At lunchtime it was a joy to run into the Rt. Rev. Silvestre Romero of Guatemala. Sitting by Baltimore harbor over our lobster rolls, we discussed the growing collaboration between our dioceses (he recorded a brief interview with me for his folks) and swapped a story or two about the episcopal life.

Since Guatemala is part of the Anglican Church in Central America, not The Episcopal Church, he’s not attending convention, though he said ARCA bishops have had seat and voice in years past according to a concordat adopted in the nineties. Before attendance at #GC80 was scaled back by nearly 90%, he would have been present as an observer. He came to Baltimore anyway for meetings with colleagues before heading to Pennsylvania to meet with friends of his diocese in its churches.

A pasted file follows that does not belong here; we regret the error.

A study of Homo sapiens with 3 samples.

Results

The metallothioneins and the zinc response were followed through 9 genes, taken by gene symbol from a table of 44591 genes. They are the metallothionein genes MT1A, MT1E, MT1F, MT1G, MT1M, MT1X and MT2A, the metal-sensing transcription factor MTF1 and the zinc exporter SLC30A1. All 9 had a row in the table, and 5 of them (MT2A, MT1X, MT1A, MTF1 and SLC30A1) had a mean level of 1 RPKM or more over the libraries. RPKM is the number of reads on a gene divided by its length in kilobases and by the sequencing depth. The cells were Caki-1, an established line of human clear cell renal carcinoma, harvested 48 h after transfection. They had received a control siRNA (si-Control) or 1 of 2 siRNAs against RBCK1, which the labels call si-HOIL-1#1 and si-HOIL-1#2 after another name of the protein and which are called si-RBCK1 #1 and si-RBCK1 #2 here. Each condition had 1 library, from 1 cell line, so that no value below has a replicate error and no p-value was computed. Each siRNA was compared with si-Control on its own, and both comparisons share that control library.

Between afternoon and evening sessions, convention took to the streets for a liturgy offered by Bishops-Episcopalians United Against Gun Violence, lamenting the gunshot death on Thursday of a 48-year-old man in a street altercation. Police cruisers accompanied us as we marched to the site of the incident. We lamented gun violence, the extra burdens borne by working people of color, and our rage-drenched times. Among the speakers was Presiding Bishop Michael B. Curry, who touched every heart as he called down God’s spirit of peace and justice.

In the crowd after the prayers, I spotted Mary Douglas Glasspool, bishop assistant in New York and former bishop suffragan in the Episcopal Diocese of Los Angeles, and Rafael Morales Maldonado of Puerto Rico, who had just been elected to Executive Council.